Where Magazine calls MOPOP epic. BuzzFeed calls it “One of 39 Museums around the World to Visit Before You Die”. Tripadvisor calls it a “good time waster”. I agree. It’s a waste of time. MOPOP stands for Museum of Popular Culture.
My problem with this attraction is its subject. To me, pop culture is all that stuff that is buzzed about for a while but then disappears. David Cassidy died on November 21, 1917. The media was full of tributes to this entertainer who was a genuine TV and recording star in the 1970s. If they were aware of the tributes, I wonder how many people under the age of 50 asked, “David who?” MOPOP has an extensive display about DAVID Bowie, an entertainer who definitely had a longer and more diverse career than David Cassidy. He died in 2016. Only passing time will show if either David will be considered among the greats, like Elvis. Will MOPOP have a career retrospective on David Cassidy? Doubtful.
MOPOP started in 2000 in Seattle Center as the Experience Music Project. Microsoft founder Paul Allen was its mentor. I never visited it nor did anyone else I know. I assumed it was a rock and roll museum. Rock, the major pop music of the 2nd half of the 20th century, has faded a bit, in my opinion, since 2000. I assume that’s why EMP decided to broaden its repertoire by adding other aspects of pop culture. Tripadvisor tells its viewers to “Visit a museum like no other on earth” and 53% of those who did rated it excellent; so I’m in the minority and would probably be among the 18% who found it average, poor, or terrible. MOPOP is clearly trying to make its new concept work by calling itself a non-profit gateway museum and a landmark destination. A media kit is on its website. MOPOP was not crowded on the day Ruth & I visited.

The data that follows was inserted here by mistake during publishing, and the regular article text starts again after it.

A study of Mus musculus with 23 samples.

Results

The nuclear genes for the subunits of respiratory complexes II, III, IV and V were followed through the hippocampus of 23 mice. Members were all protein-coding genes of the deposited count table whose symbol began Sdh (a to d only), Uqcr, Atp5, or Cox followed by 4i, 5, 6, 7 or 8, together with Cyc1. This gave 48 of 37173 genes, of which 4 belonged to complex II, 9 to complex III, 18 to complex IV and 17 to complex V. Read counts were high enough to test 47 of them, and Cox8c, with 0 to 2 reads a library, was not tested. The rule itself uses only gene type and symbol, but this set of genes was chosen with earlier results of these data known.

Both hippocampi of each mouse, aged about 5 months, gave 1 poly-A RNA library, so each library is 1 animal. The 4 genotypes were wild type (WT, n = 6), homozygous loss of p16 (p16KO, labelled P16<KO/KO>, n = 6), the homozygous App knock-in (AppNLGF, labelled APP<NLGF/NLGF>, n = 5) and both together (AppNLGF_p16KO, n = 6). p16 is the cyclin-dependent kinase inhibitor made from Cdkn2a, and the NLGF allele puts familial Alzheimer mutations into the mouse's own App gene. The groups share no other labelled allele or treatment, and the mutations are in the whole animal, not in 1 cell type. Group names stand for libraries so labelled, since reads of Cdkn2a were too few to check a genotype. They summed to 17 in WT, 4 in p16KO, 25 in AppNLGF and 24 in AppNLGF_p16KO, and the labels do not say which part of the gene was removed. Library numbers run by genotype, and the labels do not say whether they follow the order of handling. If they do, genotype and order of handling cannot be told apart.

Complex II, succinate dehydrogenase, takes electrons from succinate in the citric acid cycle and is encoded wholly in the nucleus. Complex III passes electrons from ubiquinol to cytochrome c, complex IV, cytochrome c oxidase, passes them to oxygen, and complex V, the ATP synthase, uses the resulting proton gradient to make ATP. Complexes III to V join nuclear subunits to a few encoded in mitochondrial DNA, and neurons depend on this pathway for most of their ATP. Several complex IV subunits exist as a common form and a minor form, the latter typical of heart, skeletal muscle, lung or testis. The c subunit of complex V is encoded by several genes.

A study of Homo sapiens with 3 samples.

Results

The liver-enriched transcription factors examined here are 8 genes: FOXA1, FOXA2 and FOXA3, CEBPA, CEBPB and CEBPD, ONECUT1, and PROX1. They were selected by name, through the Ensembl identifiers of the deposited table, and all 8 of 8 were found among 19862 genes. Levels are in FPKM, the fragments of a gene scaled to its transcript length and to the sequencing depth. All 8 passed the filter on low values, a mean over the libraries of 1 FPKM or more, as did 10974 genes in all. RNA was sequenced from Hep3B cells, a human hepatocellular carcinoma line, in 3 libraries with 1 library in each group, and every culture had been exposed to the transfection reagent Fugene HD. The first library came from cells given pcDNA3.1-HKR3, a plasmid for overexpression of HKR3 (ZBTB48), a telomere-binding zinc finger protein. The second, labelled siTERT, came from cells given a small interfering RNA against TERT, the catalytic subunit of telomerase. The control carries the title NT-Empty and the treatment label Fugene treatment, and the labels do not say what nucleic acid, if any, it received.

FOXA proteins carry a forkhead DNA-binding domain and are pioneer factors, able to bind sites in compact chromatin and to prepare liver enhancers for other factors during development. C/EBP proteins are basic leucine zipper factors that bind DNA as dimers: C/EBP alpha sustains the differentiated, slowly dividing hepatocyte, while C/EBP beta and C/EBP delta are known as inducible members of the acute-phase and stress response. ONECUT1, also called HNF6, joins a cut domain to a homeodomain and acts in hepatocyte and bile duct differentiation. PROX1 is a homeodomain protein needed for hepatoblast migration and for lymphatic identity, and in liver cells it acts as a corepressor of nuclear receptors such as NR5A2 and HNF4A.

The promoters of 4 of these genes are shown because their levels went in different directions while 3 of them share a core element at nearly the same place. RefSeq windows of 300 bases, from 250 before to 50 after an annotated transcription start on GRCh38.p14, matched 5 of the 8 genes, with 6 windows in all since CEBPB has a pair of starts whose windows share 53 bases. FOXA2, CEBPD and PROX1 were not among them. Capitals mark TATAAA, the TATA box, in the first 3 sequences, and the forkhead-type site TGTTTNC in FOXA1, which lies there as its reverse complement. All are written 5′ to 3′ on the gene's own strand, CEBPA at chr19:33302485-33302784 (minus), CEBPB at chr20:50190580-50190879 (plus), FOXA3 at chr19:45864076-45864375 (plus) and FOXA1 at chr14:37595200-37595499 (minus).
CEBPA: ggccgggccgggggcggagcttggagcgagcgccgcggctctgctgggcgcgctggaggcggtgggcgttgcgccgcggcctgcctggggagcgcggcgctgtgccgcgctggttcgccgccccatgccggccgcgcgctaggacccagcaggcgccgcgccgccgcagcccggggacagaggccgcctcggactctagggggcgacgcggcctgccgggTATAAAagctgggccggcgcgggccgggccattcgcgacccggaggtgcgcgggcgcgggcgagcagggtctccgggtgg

I spent more time inside this attraction admiring the building instead of the displays. It was created by Frank Gehry and is typical of his flamboyant designs. The 1st thing visitors see past the ticket sellers is the Sky Church. This gigantic LED video screen pulsed with music videos while we were there reminding me of the adrenaline-inducing NASCAR film we had recently seen. A few people were watching but I couldn’t tell if they were enthralled or merely resting. The 2nd thing we saw was a guitar tower that I assume was much admired when EMP opened.
We went up some Gehry stairs to see the current special exhibit about Jim Henson. We enjoyed seeing the Muppets and other Henson creations. The exhibit focused on the once popular TV show and Sesame Street characters. The original Muppet TV show ran for 6 years ending in 1981. ABC cancelled the most recent Muppets TV show in 2016 after one season. 1979’s Muppet Movie was very successful. The last one made, The Muppets’ 2005 version of The Wizard of Oz received mixed to negative reviews and many critics said it was not kid-friendly. Jim Henson, who was very kid-friendly, died in 1990, 27 years ago. If you want to see MOPOP’s Jim Henson tribute, you have until 1/3/18.
The other exhibits we saw focused on Star Trek, horror movies, and video games. “Infinite Worlds of Science Fiction” featured artifacts from TV shows and movies like 1951’s The Day the Earth Stood Still. “Marvel: Universe of Super Heroes” is coming soon. The Science Fiction + Fantasy Hall of Fame, where I learned that Wonder Woman was co-created by psychologist Elizabeth Marston, had information about Jules Verne and Philip K. Dick.